FIFE COUNCIL have insisted there is "no shortage" of nursery places in the Kingdom despite 385 children being told they haven't got one.

The allocations system has come under fire from parents and politicians but the council's education manager, Jacqueline Price, said: "There is a high level of success in the process that is not being widely reported: 5,885 applications for Fife Council places were received from parents and over 90 per cent of applications received have been offered a placement (based on their initial preferences).

"Of those allocated a placement, 85 per cent received their first-choice nursery and session, 9.7 per cent were offered their second choice and 3.1 per cent were offered their third choice.

"A small minority have not been successful in gaining their preferred choices.

"These cases are generating much publicity which we are currently trying to manage."

She continued: "It is normal that we receive a number of concerns about placements at this point in the process.

"With COVID-19, a completely new model and the new model being reshaped with the relaxation of statutory requirement for 1,140 hours, we did expect more concerns.

"The situation has not been helped with communication issues, such as the timing of receiving letters and the ability to speak easily with their headteacher about issues or concerns, as schools are currently closed.

"Nursery places have been allocated in Fife in line with the council-agreed policy and in the best way possible given additional challenging circumstances at this time.

"We understand it is difficult for families who did not get their preferred choice and we can provide reassurance that individual concerns will be responded to as quickly as we can, in accordance with our policy and through the Early Years team."

Although more than 350 children have not been offered a place, she insisted: "There is no shortage of places in that there is still capacity to place all children in ELC settings in all nursery areas in Fife.

"As is always the case each year, depending on parental choice, there are some nurseries full to capacity as they have had more applications than spaces available.

"The admissions policy has been followed in order to allocate all places and work is now being done to help families select from the remaining places."

She continued: "It’s important to say that the allocation process is not yet complete, as there will be movement across nurseries as parents accept or refuse a place.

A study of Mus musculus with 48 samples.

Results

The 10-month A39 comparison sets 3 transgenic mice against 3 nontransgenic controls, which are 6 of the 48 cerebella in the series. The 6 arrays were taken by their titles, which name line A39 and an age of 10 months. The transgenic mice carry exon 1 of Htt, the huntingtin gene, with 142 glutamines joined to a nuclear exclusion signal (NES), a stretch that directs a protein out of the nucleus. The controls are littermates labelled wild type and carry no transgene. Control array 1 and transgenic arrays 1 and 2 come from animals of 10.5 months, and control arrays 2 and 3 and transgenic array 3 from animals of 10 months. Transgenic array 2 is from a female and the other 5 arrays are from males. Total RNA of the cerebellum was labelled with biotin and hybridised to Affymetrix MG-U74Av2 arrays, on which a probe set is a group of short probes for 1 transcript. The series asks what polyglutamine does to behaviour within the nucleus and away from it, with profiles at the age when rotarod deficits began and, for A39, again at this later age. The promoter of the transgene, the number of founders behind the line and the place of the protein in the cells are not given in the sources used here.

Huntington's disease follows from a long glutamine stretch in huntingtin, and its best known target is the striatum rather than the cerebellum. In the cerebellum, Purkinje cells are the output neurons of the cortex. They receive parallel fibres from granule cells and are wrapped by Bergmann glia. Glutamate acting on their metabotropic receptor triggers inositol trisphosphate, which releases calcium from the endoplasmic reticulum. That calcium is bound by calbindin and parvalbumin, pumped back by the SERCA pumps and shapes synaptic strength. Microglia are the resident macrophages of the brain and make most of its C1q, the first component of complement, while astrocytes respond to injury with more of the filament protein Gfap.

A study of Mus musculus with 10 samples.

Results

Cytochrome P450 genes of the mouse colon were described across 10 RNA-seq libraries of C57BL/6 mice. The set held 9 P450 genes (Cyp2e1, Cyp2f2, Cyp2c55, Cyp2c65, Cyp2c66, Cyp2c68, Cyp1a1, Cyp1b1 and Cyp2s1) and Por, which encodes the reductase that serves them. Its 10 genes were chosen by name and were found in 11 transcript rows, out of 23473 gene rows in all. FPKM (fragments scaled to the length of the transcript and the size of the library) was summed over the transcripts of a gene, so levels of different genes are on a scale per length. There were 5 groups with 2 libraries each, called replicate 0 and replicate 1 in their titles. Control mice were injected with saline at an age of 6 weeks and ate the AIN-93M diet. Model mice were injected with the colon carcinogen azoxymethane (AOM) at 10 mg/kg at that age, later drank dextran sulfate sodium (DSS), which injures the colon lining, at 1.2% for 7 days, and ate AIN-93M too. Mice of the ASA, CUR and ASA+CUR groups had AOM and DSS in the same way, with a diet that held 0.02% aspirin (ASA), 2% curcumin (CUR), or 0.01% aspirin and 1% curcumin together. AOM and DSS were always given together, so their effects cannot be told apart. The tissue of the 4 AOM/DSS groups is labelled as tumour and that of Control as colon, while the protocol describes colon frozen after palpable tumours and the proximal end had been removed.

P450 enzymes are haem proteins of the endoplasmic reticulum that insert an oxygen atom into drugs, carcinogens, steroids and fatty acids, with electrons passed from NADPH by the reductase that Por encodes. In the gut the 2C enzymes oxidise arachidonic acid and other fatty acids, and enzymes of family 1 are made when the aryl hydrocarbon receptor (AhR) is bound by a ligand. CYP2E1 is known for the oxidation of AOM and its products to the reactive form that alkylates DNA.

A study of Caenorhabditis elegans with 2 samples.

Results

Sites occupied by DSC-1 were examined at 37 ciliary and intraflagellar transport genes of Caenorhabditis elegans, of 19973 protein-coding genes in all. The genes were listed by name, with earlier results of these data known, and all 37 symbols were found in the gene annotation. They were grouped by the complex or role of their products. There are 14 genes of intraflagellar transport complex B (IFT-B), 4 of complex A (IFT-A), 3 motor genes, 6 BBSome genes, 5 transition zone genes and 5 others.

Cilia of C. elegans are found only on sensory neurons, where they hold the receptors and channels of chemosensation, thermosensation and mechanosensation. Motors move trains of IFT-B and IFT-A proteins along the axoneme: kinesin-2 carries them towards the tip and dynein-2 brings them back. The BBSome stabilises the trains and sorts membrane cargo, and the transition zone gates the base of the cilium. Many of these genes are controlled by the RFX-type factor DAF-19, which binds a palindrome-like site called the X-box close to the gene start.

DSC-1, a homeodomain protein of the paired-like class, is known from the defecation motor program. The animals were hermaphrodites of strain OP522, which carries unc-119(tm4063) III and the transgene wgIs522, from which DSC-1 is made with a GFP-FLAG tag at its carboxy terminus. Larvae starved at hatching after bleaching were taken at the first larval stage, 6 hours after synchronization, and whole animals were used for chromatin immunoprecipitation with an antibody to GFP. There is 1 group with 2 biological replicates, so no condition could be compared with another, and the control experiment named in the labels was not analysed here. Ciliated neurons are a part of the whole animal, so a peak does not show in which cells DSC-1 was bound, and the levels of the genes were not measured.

"When the process is complete, we will make sure that we take account of concerns raised to make sure any revisions are put in place for next year."

She added: "For those children who were not allocated a place in their preferred settings, there are still spaces available in Fife Council nurseries in all nursery areas in Fife as well as the range of private playgroups and nurseries and childminders working in partnership with Fife Council."

The council maintained their allocation policy was "the fairest way" to proceed and said they were asking parents to make choices from "a completely new menu".

Ms Price said: "Therefore, it is not possible for any child to 'return' to the existing model. Providing children who will be accessing their second year of nursery provision with an additional priority would have create increased inequalities within the admissions procedures."

She added that priority was not given to children who already had siblings at a primary school as nursery provision is allocated on a different basis from school catchment areas.

Ms Price said: "It is recognised that the changes ahead may provide some challenge for some families, particularly in this year of transition.

"If a child moves to another setting, staff will work within best practice to ensure that a full transition of a child’s needs and learning is made to any new setting."

In his letter to the minister, Alex Rowley MSP said he had been "inundated" and added: "I cannot state enough the sense of anger that there is about the way Fife Council are dealing with this.

"I think the government must have a look at how Fife Council have dealt with this matter."